Salt Edge brings Open Banking solutions to Jordanian market | Open Banking Expo


Financial API platform Salt Edge has expanded into the Hashemite Kingdom of Jordan, enabling Jordanian banks to comply with Open Banking in just one month.

It follows Salt Edge’s expansion into the Kingdom of Saudi Arabia in November last year.

In December 2022, the Central Bank of Jordan issued an Open Finance Framework that all banks must comply with by the end of 2023.

Local banks and electronic money institutions are mandated to allow authorised third parties (TPPs) open and secure access to accounts and customer data through an application programming interface (API).

Salt Edge is bringing its Open Banking solutions to the Jordanian market to help financial institutions’ customers share their financial and banking data with third parties, using API technology, and become Open Banking compliant in one month.

Salt Edge’s Alina Beleuta

“Compared to other countries in the region, Jordan has a slightly different regulatory approach toward the interaction between banks and third parties – these being under contractual agreements and, as a result, adding an additional layer of friction,” said Alina Beleuta, chief growth officer at Salt Edge.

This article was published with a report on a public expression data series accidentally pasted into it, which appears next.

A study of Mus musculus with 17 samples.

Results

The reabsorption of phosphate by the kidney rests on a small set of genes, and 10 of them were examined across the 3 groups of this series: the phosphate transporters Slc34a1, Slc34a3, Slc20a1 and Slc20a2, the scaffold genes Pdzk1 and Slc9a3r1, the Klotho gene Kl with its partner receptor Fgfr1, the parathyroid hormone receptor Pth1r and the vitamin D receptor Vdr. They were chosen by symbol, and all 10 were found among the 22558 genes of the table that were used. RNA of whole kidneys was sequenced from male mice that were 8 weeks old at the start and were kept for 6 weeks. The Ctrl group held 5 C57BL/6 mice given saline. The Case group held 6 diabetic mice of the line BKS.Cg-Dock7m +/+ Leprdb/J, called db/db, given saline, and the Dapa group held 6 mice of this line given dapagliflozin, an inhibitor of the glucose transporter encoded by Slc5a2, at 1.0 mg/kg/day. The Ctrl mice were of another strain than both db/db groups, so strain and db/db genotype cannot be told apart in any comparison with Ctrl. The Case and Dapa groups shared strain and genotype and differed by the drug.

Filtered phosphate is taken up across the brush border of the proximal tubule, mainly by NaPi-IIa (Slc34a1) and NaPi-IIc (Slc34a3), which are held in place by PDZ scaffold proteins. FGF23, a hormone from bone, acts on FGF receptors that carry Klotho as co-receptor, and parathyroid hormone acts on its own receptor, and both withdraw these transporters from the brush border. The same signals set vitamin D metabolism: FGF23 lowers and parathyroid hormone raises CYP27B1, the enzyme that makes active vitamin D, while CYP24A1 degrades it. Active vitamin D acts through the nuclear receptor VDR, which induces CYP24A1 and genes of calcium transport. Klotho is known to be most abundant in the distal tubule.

“In order to establish the relationship, the bank will need to find a mechanism for identifying and verifying the third party, another task that can be handled by Salt Edge.”

Among the financial institutions that have already adopted Salt Edge’s Open Banking solutions are Jordan Ahli Bank, Byblos Bank, and Habib Bank.

Beleuta added: “As the Middle East is taking confident steps to accelerate its position as a global financial hub, we are thrilled to see countries like Jordan taking proactive measures to achieve this.

“The newly-issued guidelines represent a step toward broader financial inclusion and cutting-edge technologies, all of which are enabled by Open Banking. Due to Salt Edge’s ready-to-go solution, Jordanian banks can comply with Open Banking in one month only.”

She added this would mean that rather than focusing on compliance, banks operating in Jordan will be able to set up procedures and strategies to build “myriad” business use cases.